James Tait Black Memorial Prize And Alan Warner

James Tait Black Memorial Prize And Alan Warner
Image: Forbidden Planet

I’m definitely coming down with a bit of chesty nonsense. It’s been worsening as the week progresses, which is just NOT what I needed with it being slap bang in the middle of the book festival. I’ve started with the medicine, pills and Vit-C tablets in a vain hope I can shed it quickly, but I get the feeling it’s going to hang around for a little while, much to my dislike.

The day, job, which I think is partly responsible due to the crap air conditioning system—warm one minute, blowing freezing cold the next—dragged its heels as long as it could yesterday. There seems to be a mountain to deal with at the moment and no matter how much I chip away at it, it just isn’t getting smaller.

I nipped home briefly before setting off for my Friday evening in Charlotte Square. It was a lovely night for it; the sun had come out earlier in the afternoon and really heated the place up. It had also rained at times, though, and two of the lower corners in the square have now been reduced to muddy messes.

First up was the James Tait Black Memorial Prize. Ian Rankin chaired the awards, which are Britain’s oldest literary award awards since they were established in 1919 by Janet Coats, widow of the publisher James Tait Black.

The awards have two categories: biography and fiction, the eventual winners joining a long list of eminent previous winners. Literary critic, John Carey, took home a cheque for £10,000 and the award for best biography, for his book William Golding: The Man Who Wrote Lord Of The Flies, and Man Booker prize winner, AS Byatt, won the fiction prize, also receiving a cheque for £10,000 for her novel, The Children’s Book.

Following the event I grabbed a coffee and found a chair in the now cooler garden area and took out my notepad. Inspiration had struck during the Tait Black awards, which I had to get down on paper before they were gone. After which, it was into the Scottish Power tent for an hour with Alan Warner.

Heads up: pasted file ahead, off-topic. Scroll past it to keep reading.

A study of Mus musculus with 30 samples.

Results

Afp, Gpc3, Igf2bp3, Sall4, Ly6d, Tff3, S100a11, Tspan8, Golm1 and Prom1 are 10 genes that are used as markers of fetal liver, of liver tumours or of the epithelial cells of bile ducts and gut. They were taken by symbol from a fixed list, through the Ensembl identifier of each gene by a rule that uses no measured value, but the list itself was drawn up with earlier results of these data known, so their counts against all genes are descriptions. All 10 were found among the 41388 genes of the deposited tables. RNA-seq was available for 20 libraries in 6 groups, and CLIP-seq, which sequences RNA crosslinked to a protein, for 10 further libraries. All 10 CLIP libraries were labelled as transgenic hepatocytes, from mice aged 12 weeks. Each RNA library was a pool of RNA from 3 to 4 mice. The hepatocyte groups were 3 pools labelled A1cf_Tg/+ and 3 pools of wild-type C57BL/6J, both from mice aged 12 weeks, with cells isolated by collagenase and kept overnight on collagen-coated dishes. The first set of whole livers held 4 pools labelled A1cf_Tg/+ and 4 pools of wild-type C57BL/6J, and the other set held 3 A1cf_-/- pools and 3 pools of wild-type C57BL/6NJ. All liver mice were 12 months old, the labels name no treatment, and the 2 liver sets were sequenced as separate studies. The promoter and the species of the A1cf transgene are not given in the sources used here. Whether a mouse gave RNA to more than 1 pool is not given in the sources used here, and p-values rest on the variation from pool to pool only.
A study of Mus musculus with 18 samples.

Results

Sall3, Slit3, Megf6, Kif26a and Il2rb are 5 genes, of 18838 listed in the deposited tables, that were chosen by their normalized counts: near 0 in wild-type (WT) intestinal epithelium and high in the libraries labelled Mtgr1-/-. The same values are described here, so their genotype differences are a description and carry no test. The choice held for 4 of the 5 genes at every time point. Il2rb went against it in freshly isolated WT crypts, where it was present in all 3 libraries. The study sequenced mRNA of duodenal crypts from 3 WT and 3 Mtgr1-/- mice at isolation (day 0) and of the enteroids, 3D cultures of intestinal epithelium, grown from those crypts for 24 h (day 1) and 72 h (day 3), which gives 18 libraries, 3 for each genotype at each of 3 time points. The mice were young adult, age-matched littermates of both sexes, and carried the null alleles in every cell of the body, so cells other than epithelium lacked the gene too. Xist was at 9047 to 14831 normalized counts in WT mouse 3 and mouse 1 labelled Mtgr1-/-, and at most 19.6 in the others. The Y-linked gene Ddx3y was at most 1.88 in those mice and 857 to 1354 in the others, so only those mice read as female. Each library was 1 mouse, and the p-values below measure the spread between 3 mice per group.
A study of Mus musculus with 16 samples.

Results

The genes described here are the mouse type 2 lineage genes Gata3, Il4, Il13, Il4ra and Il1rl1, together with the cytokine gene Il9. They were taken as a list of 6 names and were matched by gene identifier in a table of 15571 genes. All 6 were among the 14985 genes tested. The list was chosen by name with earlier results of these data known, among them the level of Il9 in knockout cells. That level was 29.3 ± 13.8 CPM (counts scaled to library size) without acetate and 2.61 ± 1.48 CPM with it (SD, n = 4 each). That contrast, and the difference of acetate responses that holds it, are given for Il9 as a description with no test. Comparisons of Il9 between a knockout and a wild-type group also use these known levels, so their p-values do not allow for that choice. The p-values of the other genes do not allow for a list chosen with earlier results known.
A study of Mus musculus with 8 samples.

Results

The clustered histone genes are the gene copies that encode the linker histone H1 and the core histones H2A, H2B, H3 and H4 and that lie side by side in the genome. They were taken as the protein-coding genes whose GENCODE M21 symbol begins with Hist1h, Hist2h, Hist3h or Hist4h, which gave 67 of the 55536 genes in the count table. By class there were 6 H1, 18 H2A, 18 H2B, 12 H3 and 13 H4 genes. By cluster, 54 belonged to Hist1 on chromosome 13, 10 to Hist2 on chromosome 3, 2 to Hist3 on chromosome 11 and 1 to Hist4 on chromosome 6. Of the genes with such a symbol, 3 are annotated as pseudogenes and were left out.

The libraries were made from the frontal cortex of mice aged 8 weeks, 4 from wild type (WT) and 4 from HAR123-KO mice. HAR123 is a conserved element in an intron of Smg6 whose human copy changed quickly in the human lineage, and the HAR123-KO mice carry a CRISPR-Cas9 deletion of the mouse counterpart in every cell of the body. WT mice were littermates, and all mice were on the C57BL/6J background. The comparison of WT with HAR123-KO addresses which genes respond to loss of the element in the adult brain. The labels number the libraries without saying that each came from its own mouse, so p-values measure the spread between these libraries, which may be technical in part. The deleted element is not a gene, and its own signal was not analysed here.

Warner gained massive success with his previous works including, Morvern Callar and The Sopranos. His latest novel, the sequel to the latter is called The Stars in the Bright Sky, which is what he read from last night.

It was a fast hour. Warner seems to have a magnetic effect on his audience, both through his demeanour as well as his prose; the sections he read from his new book particularly engaging and hilariously funny, it was no surprise most of the post-reading discussion revolved around the similarly fascinating characters of his book. I’m looking forward to reading his latest work and have added it to my list.

My book festival events today:
10:00 – Ten at Ten
12:00 – Heather Brooke
16:30 – AC Grayling
19:30 – Lydia Davis

Peace, out!


Thriller author, music fan, St Mirren fan, fluff chucker, rabbit tamer, outstanding fake faller. Loves cannoli.
This entry was posted in Books, Day Job, Edinburgh, Fiction, Reading, Writing and tagged , , , , , , , , , , , , , , . Bookmark the permalink.

1 Response to James Tait Black Memorial Prize And Alan Warner

  1. At work, they probably don’t clean the filters in the air conditioners often enough. The contaminants will also cause illness.

    Keep enjoying the fest! It’s fun to live vicariously through you!